Creative Womyn Down Under reducing food waste

Meet Alfalfa's unofficial community outreach worker, Georgina Abrahams.


by Caroline

Georgina is a social worker who set up Creative Womyn Down Under in 2006 after noticing an increasing number of women experiencing homelessness in the Inner West.

When COVID restrictions were introduced in March 2020, and local food sheds and support services such as Newtown Neighbourhood Centre and Lentil as Anything were forced to shut up shop, Georgina took to making hot meals at her home, almost every day, for these vulnerable women.

Georgina explains: "The majority have experienced domestic violence, which has tripled during COVID, and flee for their lives, often with children. Many suffer from severe PTSD, so being placed into 'mixed-gender' refuges is not an option for them. Government funding for women-only refuges was cut around five years ago, so many resort to living in their cars. The 24 women that I'm currently feeding are from all ages and backgrounds and some are having to home school as well.

As a long-term member, I reached out to Alfalfa House for support at the height of COVID, and was delighted when they donated leftover produce every week. I quickly got to work, making hot vegetarian meals, such as lentil soup and rice every day of the week for these homeless women.

One of the women collects the meals from my home and delivers them to a quiet park in the inner city where the others come for their daily feed, ensuring they have full bellies and are kept warm and nourished.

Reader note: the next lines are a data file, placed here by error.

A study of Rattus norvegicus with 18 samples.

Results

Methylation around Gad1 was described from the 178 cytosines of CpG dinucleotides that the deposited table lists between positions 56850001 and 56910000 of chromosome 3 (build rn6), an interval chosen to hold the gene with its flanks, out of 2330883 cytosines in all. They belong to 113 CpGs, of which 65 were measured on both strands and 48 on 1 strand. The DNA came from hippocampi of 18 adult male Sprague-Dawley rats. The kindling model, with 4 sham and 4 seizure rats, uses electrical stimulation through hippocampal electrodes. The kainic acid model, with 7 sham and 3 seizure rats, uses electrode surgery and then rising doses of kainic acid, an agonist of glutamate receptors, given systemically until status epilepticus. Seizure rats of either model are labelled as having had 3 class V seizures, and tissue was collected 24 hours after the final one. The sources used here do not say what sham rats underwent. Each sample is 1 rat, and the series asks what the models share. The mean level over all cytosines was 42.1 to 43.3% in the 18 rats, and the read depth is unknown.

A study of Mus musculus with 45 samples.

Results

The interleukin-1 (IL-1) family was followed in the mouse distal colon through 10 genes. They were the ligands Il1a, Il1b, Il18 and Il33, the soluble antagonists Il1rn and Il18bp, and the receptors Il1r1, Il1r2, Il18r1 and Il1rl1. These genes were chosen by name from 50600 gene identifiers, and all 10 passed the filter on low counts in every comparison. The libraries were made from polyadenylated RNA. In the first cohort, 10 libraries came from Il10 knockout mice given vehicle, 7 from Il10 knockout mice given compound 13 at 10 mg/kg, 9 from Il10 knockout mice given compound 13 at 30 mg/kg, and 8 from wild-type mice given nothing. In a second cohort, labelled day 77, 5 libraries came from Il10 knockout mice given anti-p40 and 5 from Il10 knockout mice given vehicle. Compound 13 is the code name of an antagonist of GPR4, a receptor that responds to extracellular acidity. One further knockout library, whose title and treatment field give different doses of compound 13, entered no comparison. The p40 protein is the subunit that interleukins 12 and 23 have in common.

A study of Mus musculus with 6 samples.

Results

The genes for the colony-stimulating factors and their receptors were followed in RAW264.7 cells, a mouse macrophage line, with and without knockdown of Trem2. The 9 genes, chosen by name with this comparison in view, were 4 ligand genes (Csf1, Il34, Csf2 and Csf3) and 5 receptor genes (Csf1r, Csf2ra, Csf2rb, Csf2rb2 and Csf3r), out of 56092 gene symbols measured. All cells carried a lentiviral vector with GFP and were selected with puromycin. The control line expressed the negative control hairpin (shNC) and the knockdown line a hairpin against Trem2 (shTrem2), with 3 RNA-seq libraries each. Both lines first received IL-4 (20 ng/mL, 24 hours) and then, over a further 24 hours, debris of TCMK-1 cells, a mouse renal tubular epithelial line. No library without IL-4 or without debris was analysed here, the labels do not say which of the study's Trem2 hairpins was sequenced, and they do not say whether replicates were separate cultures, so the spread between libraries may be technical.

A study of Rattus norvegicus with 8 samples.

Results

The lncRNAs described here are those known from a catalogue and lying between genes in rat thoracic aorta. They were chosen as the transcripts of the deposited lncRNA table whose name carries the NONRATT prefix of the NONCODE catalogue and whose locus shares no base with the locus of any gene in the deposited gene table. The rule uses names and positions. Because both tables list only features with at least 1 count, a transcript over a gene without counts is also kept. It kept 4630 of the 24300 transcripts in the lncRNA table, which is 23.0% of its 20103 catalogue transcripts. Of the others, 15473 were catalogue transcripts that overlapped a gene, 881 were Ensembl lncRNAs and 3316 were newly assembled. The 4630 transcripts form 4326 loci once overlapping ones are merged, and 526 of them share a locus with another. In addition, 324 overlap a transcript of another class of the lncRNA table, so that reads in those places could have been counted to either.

Pre-COVID, every Monday for many years, we’d meet for lunch, creative activities and discussion. I also held regular fundraisers to help raise money for accommodation, and items such as mobile phones and waterproof swags that become backpacks. I look forward to returning to this, but for now I'm focusing on the very basics of getting these women fed.

Georgina continues: "I feel blessed that I have a warm bed each night. This all began when I was walking through Camperdown Park and a bunch of women were having a chat and I sat down with them and they began to tell me their stories. Many were in their 60s or 70s and had lost their trust in institutions. One had an epileptic fit in the 1950s and because of lack of understanding she was put into a mental institution, which was clearly not the place for her. She stopped taking the drugs that had been prescribed to her, and left after 20 years. She got on the nearest bus and the driver took her into the city where she found other homeless people who were living outside of the system. She had no support. I found a place for her and five other homeless women joined her. They now live happily in their own safe space and each has a pension and Medicare card.

It's thanks to the support of places like Alfalfa House that I've been able to help women find a sense of peace in their lives."

How you can help:

We have a box in store that customers can donate food to, so the next time you're buying things like apples or bananas, we'd love you to drop one or two in the box by the shop entrance.

You can also donate $5 to help provide mobile phone credit, petrol and other necessities for the women. Please call Georgina directly to arrange this on 0406 372 142.